The 2020 Census results are in, showing a continued uptick in Hispanic population across the Central Valley, with a hefty decline in Black residents.
Redistricting Insights, a Sacramento-based consulting firm specializing in the redrawing of political boundaries, like many government agencies across the state and nation, began pouring over census data following its release on Thursday.
According to a report from the firm, the Black population has decreased in Fresno, Kings, Tulare, Madera and Merced Counties, despite overall population growth in each county.
Kings County reported the largest loss of Black residents, down 1,991 people from the 2010 census, which registers as an estimated 18.1 percent decrease.
Madera County, which lost 1,033 Black individuals over the last decade, reported the largest percentage decrease at 18.4 percent.
The smallest percentage decline was in Fresno County, coming in at a decrease of 1.6 percent, or down 816 Black residents, from 2010.
While Kern County saw minimal growth in its Black population (2.5 percent), Stanislaus County (8.1 percent) and San Joaquin County (16.6 percent) both saw substantial gains.
Meanwhile, all counties within the San Joaquin Valley reported growth among Hispanic residents, with Kings County reporting the lowest gain at 11.2 percent and Merced County reporting the highest at 23.8 percent.
Outside of Stanislaus and San Joaquin Counties – where they make up a sizable plurality – Hispanics are the majority of all other Central Valley counties.
Overall, the region saw its largest growth in three locales.
The first two? It’s book-ends – Kern and San Joaquin counties – where an influx of Bay Area and Los Angeles expats have relocated.
The other? Fresno County, home to the region’s single-largest city.
Population shifts in the Valley’s counties
The Valley’s Asian population rose across the board, posting its largest percentage gains in San Joaquin County (41.5 percent), Madera County (39.4 percent) and Kern County (34.2 percent).
In Southern California, Los Angeles County mirrors much of the Central Valley with a significant decrease in the Black population. The county lost over 60,000 Black residents, which comes in at a 7.3 percent decrease.
On the other hand, Orange, San Bernardino and Riverside Counties all reported gains, the largest of which came in the Asian population. Orange County saw a 31.4 percent increase with its Asian population, San Bernardino reported a 41.7 percent increase and Riverside Counties saw a 31.3 percent increase.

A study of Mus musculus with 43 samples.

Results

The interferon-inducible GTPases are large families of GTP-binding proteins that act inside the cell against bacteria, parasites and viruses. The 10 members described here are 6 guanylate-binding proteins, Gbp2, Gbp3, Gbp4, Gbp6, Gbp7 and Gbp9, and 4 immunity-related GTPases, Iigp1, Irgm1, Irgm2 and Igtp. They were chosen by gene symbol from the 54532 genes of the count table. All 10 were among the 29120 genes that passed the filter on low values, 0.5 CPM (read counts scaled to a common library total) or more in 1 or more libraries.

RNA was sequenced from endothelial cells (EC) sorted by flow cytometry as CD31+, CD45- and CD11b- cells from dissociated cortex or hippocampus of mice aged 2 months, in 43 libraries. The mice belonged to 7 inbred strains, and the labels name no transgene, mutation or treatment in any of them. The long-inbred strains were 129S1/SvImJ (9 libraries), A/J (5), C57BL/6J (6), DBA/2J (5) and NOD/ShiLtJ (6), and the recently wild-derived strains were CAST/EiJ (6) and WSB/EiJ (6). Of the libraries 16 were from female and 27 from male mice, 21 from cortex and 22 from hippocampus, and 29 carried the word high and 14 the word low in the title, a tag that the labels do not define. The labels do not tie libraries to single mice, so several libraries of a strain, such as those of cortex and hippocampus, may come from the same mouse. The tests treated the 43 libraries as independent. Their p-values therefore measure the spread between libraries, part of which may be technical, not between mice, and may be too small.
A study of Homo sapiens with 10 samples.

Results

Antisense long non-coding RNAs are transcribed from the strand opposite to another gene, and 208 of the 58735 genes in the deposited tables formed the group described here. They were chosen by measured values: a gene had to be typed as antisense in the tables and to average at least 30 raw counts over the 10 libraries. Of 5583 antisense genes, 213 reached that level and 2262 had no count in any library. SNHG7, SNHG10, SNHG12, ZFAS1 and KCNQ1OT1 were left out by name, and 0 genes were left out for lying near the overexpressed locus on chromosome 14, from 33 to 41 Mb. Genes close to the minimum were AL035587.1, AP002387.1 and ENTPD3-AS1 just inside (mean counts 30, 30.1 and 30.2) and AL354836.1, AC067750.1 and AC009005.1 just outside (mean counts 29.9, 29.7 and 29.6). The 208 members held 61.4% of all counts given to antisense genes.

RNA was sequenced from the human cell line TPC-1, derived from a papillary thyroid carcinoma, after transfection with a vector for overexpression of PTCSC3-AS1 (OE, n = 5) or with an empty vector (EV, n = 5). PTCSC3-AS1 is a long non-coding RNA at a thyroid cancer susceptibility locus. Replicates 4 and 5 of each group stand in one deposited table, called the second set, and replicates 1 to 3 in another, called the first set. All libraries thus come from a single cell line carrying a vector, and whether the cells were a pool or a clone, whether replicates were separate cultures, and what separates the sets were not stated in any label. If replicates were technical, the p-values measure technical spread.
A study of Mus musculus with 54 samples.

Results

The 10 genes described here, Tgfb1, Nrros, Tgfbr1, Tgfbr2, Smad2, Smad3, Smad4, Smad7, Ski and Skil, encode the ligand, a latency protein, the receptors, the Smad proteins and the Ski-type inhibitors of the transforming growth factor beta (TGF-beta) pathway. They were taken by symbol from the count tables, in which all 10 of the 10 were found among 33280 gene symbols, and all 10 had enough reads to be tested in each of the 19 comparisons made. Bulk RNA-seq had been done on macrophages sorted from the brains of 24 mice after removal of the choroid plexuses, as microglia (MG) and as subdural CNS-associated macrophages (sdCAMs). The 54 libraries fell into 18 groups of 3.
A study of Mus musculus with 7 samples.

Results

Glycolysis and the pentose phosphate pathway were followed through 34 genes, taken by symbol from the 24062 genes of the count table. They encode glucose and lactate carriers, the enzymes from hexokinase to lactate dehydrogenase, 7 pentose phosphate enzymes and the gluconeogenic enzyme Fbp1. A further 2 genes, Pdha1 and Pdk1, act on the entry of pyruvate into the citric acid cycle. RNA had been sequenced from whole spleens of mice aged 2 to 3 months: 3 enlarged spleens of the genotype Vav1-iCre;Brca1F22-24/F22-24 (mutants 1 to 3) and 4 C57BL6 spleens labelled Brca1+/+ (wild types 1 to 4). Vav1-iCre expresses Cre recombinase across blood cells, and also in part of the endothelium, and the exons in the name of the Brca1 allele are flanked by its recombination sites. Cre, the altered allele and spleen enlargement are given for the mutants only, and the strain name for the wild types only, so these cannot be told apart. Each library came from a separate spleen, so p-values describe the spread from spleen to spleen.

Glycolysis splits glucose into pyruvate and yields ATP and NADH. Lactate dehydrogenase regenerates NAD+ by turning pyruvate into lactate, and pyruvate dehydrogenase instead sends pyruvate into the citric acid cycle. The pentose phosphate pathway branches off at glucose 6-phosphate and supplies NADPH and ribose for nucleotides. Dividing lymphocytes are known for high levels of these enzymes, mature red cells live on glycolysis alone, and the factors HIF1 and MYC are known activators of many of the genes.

A look shifts in Congressional seats
Though the California Redistricting Commission has yet to draw the new district lines, the Valley’s incumbent members of Congress can begin to look at the population changes in their districts.
Rep. Josh Harder (D–Turlock) gained 24,161 Asian residents over the last 10 years, which comes in at a 54.4 percent increase. While there is not one majority race in District 10, the Hispanic population holds a plurality with nearly 350,000 people.
Rep. Jim Costa (D–Fresno) represents District 16, which has a 62 percent Hispanic majority. Costa’s district saw a double-digit percentage increase in both the Asian and Hispanic populations.
Three-quarters of the residents in Hanford Republican Rep. David Valadao’s District 21 are Hispanic. Valadao’s district saw minor gains in both the Asian (4.4 percent increase) and Hispanic (7.7 percent increase) populations.
The 22nd Congressional district, home of Rep. Devin Nunes (R–Tulare), saw population gains across the board, the largest of which came in the Asian community (39.5 percent increase).
The Hispanic population holds a plurality at 49 percent.
House Minority Leader Kevin McCarthy, a Bakersfield Republican, saw gains in California’s 23rd district.
Just like in Nunes’ district, the Asian population posted the largest percentage increase at 37.4 percent.
How has California’s exodus hit Congressional seats?
For the first time in its history, California lost a Congressional seat during reapportionment, the other element of the 2020 Census, due to a combination of poor birth rates, high death rates, and an exodus of residents to other states in the nation.
The question for all of us: exactly how hard did the California exodus hit the San Joaquin Valley?
The best marker to judge is comparing the 2020 Census population of currently-existing Congressional districts to the ideal number of residents per district.
That number is 760,350 residents.
Harder’s north Valley seat saw its population exceed the ideal by 1 percent, or 7,569 residents. Costa’s, meanwhile, dipped below the ideal number by 8,918 residents, or 1.2 percent.
Valadao’s south Valley seat saw population dip more than six percent from the ideal, coming up 48,213 short of the ideal population size for a district.
However, his two neighbors – Nunes and McCarthy – saw their districts swell beyond the ideal size by 3.6 and 2.2 percent, respectively.
Those districts now have 27,433 and 16,383 residents more than the ideal, enabling a likely shift in political geography in the south Valley.
Valley seats face the “Congressional ideal”
Statewide, the member whose district fell furthest from the ideal population was Rep. Lucille Roybal-Allard (D–Los Angeles).
Her district’s current population sits more than nine percent bellow the ideal, short 70,139 residents. Her district is the only in California to have a population under 700,000 people, per the 2020 Census.
California’s citizen-led redistricting commission is set to redraw boundaries much of this Fall and winter. It is currently petitioning the California Supreme Court for an extended deadline to deliver finalized maps for Congressional and legislative boundaries, stretching in January 2022.